Great Week for Book Fair, Bad Week for SAR Press, ICAC Looking at Surveillance Software
The annual Hong Kong Book Fair has attracted big spenders this year. One woman interviewed said she had spent about $50,000 on books for her 7-month-old niece, while another mother said she had spent $50,000 over the last two years for her twin 2-year-old daughters. Locally written and published political books were in the spotlight, with youth flocking to books about democracy and Occupy. Meanwhile a photo book featuring child model Celine Yeung has been the center of controversy, thanks to photos of the 6-year-old posing in her underwear. The book drew heavy criticism from netizens and protection agency Against Child Abuse, and a signing event was cancelled. The book has been removed from the fair and police have called in photographer Ronald Lam, who has since apologized, for questioning.
Our Take: The moral: Read more, read often, don’t be creepy.
Bad Week for Hong Kong Press
It’s been a difficult week for Hong Kong media. Daily paper The Hong Kong Daily News shut down on July 12, after 56 years in business. The next day ATV lost the right to broadcast horse racing and the Mark Six results. It has passed the rights to TVB, which will air them on cable channels. On July 16 the Next Media Trade Union said that Next Magazine staff are being offered voluntary severance packages, as it will be losing half its editorial staff in two months and ceasing its print version in September. The same day, Sing Pao Daily News was unable to pay the costs of printing the newspaper after liquidators froze the organization’s bank accounts. On July 17 Gu Zhuoheng, chairman of Sing Pao Media, submitted a plan to inject $5 million into Sing Pao and invest $100 million annually to keep it running. As of press time, he is awaiting the high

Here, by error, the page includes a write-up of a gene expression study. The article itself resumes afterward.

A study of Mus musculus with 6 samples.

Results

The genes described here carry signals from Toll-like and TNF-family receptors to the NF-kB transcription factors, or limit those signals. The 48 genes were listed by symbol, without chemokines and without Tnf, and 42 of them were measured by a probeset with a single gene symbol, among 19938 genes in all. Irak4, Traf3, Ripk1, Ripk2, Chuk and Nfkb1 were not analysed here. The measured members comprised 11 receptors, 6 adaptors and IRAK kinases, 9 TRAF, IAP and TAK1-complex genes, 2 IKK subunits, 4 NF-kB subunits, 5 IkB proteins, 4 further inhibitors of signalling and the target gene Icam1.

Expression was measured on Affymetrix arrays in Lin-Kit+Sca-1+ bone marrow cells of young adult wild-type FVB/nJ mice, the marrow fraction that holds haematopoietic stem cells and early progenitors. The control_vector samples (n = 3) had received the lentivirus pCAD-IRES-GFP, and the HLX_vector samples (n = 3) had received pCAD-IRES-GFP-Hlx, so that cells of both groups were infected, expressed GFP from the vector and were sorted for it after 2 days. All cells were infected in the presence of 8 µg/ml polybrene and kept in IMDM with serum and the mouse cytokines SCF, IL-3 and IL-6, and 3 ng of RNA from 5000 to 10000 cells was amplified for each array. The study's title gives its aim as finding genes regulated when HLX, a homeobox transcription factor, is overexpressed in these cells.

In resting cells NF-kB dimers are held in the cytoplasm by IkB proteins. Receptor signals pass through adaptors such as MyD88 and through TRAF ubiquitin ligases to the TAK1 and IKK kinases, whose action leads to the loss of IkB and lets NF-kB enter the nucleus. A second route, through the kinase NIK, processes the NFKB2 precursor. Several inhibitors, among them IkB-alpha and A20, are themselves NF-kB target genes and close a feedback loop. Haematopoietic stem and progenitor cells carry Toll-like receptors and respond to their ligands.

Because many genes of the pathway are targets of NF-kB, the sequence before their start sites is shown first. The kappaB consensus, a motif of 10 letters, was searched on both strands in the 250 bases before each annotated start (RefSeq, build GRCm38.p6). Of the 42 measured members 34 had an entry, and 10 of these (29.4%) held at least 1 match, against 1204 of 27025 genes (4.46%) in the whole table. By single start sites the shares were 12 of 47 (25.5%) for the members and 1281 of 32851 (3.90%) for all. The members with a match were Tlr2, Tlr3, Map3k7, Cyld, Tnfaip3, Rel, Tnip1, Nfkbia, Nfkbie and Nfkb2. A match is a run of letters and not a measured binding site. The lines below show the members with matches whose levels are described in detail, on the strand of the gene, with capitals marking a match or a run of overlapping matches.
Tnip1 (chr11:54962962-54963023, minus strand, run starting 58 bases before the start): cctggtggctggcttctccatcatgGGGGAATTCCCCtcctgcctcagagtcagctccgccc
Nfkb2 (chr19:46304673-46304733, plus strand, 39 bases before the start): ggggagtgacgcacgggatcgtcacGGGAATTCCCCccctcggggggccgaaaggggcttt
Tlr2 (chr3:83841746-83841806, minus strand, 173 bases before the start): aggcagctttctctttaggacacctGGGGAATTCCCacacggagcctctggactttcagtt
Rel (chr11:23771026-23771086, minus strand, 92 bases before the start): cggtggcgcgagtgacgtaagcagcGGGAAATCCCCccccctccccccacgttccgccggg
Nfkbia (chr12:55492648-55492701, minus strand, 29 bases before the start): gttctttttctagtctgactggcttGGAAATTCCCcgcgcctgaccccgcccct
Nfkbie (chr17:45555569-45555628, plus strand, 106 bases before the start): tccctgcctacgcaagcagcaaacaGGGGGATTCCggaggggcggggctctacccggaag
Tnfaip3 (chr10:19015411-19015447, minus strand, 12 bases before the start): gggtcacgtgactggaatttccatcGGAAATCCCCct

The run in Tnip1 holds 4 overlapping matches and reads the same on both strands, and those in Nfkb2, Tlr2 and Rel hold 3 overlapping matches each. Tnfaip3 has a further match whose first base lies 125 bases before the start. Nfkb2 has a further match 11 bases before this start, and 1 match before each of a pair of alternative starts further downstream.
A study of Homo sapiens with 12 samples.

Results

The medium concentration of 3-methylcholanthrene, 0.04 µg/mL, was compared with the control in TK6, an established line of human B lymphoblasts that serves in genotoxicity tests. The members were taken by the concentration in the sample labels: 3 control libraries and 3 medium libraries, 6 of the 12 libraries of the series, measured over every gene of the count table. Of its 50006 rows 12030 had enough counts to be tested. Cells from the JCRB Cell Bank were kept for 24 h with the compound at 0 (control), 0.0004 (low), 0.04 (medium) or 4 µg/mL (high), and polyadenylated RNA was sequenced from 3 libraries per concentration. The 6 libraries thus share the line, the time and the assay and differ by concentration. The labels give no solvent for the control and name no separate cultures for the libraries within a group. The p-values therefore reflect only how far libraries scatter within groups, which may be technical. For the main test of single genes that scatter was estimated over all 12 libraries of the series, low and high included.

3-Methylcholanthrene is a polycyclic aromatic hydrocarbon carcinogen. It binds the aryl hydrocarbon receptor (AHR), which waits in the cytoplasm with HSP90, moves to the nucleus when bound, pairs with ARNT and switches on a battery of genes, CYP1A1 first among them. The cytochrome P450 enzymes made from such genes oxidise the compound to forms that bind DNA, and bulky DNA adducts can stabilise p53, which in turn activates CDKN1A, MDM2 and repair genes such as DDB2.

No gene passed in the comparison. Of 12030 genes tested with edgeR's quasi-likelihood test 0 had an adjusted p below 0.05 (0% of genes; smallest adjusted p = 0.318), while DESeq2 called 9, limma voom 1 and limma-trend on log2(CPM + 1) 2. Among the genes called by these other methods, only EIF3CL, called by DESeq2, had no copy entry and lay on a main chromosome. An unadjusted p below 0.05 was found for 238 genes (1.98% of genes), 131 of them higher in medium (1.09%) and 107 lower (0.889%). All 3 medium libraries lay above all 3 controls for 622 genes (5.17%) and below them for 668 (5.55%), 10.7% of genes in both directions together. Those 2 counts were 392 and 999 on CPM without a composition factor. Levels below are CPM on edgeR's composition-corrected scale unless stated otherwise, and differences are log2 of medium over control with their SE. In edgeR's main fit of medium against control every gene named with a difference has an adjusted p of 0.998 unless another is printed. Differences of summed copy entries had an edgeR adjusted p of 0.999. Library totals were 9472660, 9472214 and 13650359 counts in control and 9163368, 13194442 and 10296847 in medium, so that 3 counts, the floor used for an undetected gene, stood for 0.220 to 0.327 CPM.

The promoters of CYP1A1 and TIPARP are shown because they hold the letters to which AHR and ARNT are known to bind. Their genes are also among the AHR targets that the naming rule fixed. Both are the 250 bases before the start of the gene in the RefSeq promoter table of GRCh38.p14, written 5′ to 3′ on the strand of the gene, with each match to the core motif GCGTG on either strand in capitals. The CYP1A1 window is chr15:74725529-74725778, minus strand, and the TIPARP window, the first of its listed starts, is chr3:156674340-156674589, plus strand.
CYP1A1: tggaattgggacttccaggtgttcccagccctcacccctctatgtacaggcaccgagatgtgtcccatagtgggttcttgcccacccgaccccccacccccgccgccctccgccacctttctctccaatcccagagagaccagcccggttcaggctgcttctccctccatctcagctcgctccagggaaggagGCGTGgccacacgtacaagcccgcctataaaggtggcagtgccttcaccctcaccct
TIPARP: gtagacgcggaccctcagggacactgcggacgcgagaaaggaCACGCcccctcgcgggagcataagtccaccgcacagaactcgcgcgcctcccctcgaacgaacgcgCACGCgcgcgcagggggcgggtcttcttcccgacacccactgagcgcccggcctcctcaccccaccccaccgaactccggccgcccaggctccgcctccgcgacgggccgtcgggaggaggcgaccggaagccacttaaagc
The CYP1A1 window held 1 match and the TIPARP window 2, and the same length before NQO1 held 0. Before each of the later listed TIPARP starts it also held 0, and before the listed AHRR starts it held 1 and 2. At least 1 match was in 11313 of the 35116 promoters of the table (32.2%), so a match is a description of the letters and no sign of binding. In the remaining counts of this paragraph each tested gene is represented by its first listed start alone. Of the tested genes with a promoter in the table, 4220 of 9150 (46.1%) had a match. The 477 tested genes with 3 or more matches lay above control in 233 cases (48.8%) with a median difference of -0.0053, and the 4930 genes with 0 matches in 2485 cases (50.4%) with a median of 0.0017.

Our Take: Who’s next?
ICAC Wants to Get its Hack On
WikiLeaks has released more than a million emails from the Independent Commission Against Corruption, revealing that the ICAC is in the market for mobile phone surveillance software Galileo, created by Italian cybersecurity firm “Hacking Team.” The Galileo brochure claims that the software “is invisible to the user, evades antivirus and firewalls, and doesn’t affect the devices’ performance or battery life,” and claims it is “the hacking suite for governmental interception.” HKU law professor Simon Young said that the move was “proactive,” while IT sector lawmaker Charles Mok expressed concerns that the system was intrusive and subject to considerable privacy concerns. The ICAC has confirmed that they were looking into the software.
Our Take: Clear your browser history!